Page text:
In case there was any doubt that virtual goods really do have value in the real world, a 29-year old British businessman is now facing a significant jail term after pleading guilty to stealing $12 million worth of Zynga Poker chips.
Ashley Mitchell admitted that he’d accessed the developers’s servers at some point between June 30 and September 7, 2009, stealing 400 billion virtual chips for the social media game. He then sold a bunch of the chips online, making a tidy £53,000 profit.
Prosecutor Gareth Evans outlined the case for the local media:
“The defendant sold around one third of the 400 billion poker chips and looking at the auction history where one can purchase such items he was selling them for around £430 per billion.”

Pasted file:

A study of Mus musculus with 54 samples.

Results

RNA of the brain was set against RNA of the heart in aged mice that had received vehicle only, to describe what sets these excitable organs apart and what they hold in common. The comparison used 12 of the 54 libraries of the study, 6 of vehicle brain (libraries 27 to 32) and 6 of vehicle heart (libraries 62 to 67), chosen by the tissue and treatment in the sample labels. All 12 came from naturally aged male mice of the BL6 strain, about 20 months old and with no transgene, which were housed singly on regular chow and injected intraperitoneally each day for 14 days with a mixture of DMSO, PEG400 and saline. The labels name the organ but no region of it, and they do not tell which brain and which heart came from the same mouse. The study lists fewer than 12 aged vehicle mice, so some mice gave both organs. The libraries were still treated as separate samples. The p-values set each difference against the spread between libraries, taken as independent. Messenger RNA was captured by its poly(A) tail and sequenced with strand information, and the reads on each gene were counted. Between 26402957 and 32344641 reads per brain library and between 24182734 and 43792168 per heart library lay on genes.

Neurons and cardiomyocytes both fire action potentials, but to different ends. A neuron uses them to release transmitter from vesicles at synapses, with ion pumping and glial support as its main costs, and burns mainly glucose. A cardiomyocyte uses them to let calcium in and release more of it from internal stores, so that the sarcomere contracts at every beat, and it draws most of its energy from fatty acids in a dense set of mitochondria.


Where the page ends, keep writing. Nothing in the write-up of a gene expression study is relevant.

He then explained that these black-market-buyers would then on-sell the chips themselves, making more money in the process, and that if they’d all been sold, Mr. Mitchell would have made £184,000.
However, Mr. Evans continued, if Zynga had sold them legitimately, the value would have been closer to US$12 million.
The nature of these virtual goods made the case more complex than a traditional fraud – Zynga were not deprived of any goods, as the company can always create more virtual chips. The main problem for Zynga would be a “knock-on effect”, if the company lost legitimate online gamers who were buying their chips elsewhere.
The offences Mr. Mitchell was found guilty of put him in breach of a 2008 suspended sentence, where he was convicted of hacking into a local council website and changing his personal details (netting himself £3,498 and a 40-week suspended sentence in the process).
Mr. Mitchell’s lawyer, Ben Derby, explained that his client had been “wrestling with a gambling addiction” at the time, and had spent £3,000 on online games.
Judge Philip Wassall handed down the substantial jail term as he considered the offenses to be “sophisticated”. Mitchell remains in custody until sentencing.